We attended Thursday's performance of the NY Philharmonic with free tickets. Well, they weren't really free. I had two pairs of ticket vouchers for this season. One was for having bought my subscription extra early last year, and I used that voucher for last month's performance of Mahler's Symphony No. 1 with Alan Gilbert conducting. The other was for answering a long online survey about the Philharmonic's Summer Classics concert series. I don't remember which voucher I used for tonight's concert, but the point is that the tickets weren't my usual seats in the first tier. These seats were in row H of the orchestra section, to the right of the conductor's podium. So we were about 20 feet from Lorin Maazel when he took the stage to conduct two of his own works and Sibelius's Symphony No. 2.
I haven't sat up front for an orchestra concert before. I don't like being that close to the orchestra; it's impossible to see any of the musicians beyond the first two rows of strings. I like to watch the brass and percussion, but from our seats those instruments were just sounds coming from somewhere in the rear of the stage. However, the benefit of sitting that close was that we had a fantastic view of Maazel as he conducted, and we could see his rapport with Glenn Dicterow and the other principal strings. I especially enjoyed watching Maazel's gestures and facial expressions. He's not an animated conductor, so when his face became particularly emotional, it was clear what he was feeling and what he expected from his musicians. And watching Dicterow, for example, you could see the respect that the orchestra has for him. Maazel's two compositions were interesting, though I don't think I'll run out and buy recordings of them. There were some melodic moments in the second piece, but mostly it was loud bangs from the percussion and bleats and honks from the brass, with glissando string accompaniment. I've become more tolerant of atonal music as I've grown older, but it's still not really my thing.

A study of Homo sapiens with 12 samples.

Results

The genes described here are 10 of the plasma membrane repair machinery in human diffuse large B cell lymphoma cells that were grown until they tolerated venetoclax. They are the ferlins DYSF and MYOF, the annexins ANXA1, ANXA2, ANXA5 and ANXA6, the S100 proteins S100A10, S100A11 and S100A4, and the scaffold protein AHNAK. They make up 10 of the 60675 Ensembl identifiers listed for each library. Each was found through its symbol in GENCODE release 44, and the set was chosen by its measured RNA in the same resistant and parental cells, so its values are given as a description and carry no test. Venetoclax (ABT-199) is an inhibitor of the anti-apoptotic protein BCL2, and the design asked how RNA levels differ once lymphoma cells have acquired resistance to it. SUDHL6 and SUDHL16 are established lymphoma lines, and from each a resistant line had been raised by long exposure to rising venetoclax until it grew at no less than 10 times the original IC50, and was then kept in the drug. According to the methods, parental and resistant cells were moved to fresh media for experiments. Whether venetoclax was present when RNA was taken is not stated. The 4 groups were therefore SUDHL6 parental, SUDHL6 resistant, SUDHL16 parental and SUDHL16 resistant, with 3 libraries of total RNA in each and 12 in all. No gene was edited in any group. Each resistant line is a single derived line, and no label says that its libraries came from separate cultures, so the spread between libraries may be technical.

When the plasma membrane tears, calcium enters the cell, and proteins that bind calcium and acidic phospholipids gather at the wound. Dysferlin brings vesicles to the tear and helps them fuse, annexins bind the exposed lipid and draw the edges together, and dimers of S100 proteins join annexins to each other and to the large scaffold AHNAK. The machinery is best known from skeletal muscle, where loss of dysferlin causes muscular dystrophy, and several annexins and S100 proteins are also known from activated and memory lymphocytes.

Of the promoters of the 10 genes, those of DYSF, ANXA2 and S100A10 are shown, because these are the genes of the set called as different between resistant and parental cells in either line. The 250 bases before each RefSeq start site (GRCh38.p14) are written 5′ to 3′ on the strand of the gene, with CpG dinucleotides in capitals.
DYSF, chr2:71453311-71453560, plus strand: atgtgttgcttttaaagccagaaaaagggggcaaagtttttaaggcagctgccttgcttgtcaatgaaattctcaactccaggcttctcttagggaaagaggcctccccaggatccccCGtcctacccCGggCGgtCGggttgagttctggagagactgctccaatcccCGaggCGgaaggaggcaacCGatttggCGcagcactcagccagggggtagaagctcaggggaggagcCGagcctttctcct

The Sibelius symphony was as tonal as the first two works were atonal. I've always loved Sibelius's Second Symphony, and this performance was as exciting and energetic as I could have hoped. I know the work well but I'm not familiar with the details of the score. Maazel conducted without one, and as always I have no idea how he managed to get through a work full of tempo changes and dynamic adjustments without referring to the music. Even at his age, his command of the music is undiminished. The viola section was directly in front of us, so I could watch the musicians' fingers and note how they played certain passages. I was surprised to see that some musicians fingered a part one way while others used a different fingering. For some reason, I'd assumed that not only did Philharmonic musicians coordinate their bowings down to the inch, they used identical fingerings as well.
My favorite part of the night's performance was the last movement of the symphony. I know how the work ends, with broad brass chords and strings sawing away, but the buildup to the grandiose finale always fools me. The lead-up to the coda is a repeated minor key passage with the winds playing the melody and the strings playing a quiet accompaniment. The passage repeats, with the volume gradually increasing, but each time the orchestra reaches the end of the phrase, it returns to the minor key. I knew that the turn back to the major key was coming, but the repeated returns to the minor melody built the tension in a way I'd never felt just by listening to a recording. When the orchestra finally reached the major key turning point, Maazel gave a huge cue to the brass and there was a sense of glorious release. It was practically sexual, which I really didn't expect from Sibelius. But it really was that intense a feeling. I had chills throughout the last movement. I was out of my seat almost as soon as the music ended, and I had a brief sense that people sitting on that level aren't supposed to be that enthusiastic that quickly. But I didn't care.
Next weekend is Maazel's final concert series as music director of the Philharmonic, and they're performing another one of my favorite works: Mahler's Eighth Symphony. I'm going to next Friday's concert, and I'm already excited. You can expect more words on this subject in this space next week.